There were many servicemen in the armed forces in the Second World War who had also served in the Great War a generation before. A man in his twenties in World War I would only be in his forties by the time of the next war. These men might not have been fit enough for front line infantry duty, but they filled a wide range of support duties and in less physically demanding roles such as aboard ships and on air and army bases. This means that paperwork for the same man can be found spanning the two conflicts and today we have a pair of documents to a sailor, George Hart, who served as a sick bay attendant on HMS Liverpool in World War I. A sick bay attendant was in effect a male nurse who support the surgeons aboard a ship who were officers. They still needed to be well trained and the first item in this grouping is a red notebook he kept as both a diary and a place to jot down notes about his profession:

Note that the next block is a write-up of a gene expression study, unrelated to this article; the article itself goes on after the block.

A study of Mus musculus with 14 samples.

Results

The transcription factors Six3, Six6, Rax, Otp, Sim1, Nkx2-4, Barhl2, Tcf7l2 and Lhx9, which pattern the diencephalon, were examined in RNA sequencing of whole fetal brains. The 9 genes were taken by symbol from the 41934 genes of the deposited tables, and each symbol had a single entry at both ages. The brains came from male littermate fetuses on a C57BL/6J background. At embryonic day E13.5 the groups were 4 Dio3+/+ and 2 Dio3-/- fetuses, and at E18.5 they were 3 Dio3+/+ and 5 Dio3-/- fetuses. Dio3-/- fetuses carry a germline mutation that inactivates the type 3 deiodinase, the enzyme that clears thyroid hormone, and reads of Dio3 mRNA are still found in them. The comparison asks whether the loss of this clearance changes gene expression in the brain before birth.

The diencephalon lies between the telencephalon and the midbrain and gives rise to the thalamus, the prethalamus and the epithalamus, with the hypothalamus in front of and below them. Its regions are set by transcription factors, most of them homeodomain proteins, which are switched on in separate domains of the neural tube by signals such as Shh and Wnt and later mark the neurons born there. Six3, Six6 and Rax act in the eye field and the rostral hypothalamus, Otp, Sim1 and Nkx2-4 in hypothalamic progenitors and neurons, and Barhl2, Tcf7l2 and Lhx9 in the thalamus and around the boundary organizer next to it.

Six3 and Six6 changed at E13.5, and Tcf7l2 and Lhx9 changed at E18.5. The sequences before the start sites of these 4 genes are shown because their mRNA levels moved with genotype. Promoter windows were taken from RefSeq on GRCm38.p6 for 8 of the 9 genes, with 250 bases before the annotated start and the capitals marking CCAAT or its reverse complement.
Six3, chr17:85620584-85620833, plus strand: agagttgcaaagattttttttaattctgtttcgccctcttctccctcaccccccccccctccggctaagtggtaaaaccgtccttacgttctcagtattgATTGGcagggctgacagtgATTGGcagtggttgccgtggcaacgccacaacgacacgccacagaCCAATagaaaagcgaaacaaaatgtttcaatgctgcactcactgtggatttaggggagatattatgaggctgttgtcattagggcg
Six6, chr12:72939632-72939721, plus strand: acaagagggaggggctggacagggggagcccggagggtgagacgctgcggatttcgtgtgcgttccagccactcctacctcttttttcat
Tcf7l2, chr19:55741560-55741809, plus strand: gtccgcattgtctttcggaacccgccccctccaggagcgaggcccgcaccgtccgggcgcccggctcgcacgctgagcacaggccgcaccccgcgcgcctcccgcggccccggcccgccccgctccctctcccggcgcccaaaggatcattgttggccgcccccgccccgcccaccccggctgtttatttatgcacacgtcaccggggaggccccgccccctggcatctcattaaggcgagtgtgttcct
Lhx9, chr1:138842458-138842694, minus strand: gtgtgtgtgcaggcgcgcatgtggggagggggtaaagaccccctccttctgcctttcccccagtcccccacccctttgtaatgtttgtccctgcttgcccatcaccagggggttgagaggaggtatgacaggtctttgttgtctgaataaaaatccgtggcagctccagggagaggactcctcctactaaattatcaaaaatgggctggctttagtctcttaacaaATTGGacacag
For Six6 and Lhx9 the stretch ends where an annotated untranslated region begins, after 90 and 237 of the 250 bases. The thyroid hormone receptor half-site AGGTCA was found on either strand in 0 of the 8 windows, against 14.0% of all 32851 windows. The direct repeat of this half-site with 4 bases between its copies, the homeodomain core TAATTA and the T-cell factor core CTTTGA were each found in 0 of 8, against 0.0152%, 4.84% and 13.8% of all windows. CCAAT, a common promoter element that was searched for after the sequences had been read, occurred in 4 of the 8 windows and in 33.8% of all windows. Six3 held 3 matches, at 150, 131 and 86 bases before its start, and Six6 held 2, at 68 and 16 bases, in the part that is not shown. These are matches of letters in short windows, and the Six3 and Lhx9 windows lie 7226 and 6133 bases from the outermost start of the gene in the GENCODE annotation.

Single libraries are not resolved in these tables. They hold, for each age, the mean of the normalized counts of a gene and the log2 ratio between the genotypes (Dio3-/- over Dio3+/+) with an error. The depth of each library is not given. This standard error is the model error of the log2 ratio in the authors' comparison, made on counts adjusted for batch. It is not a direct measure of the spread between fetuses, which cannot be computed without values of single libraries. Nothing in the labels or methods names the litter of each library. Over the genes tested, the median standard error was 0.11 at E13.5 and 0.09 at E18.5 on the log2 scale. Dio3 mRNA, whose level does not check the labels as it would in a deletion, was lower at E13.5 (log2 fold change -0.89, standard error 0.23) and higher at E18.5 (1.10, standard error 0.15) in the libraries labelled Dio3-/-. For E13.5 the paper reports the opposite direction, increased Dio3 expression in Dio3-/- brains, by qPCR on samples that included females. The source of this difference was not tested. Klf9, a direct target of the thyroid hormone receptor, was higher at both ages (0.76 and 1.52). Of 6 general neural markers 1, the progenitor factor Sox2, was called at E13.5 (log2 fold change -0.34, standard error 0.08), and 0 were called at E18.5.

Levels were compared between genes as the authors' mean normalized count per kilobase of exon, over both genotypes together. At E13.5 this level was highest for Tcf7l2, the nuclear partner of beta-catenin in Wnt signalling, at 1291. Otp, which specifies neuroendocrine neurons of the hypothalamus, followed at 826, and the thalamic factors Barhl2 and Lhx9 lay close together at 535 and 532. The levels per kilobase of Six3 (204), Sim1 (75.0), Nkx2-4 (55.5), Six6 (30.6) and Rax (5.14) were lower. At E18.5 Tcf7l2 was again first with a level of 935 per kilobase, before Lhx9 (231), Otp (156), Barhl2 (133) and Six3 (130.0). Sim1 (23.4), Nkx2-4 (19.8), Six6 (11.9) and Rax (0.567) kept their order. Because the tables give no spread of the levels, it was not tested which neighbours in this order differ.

This page from the diary is particularly interesting describing seeing a warship, the Inflexible, that had been damaged by mines in the Dardanelles:
The book also has details of his dispensing duties:
The second document dates from a generation later and by now our sick bay attendant has been promoted to a temporary Warrant Wardmaster, this document dating from March 1944:
This was a very senior position and would have represented the pinnacle of a naval career. These documents showing both ends of a long and successful career in naval medicine.
Not necessarily in their 40’s. I have two sets of WW1 enlistment documents for my Grandfather, with two different birth years…the first one was rejected because he was only 15, apparently they didn’t have it to compare the second one to at the next enlistment point 😉 He wouldn’t have been 40 in 1939.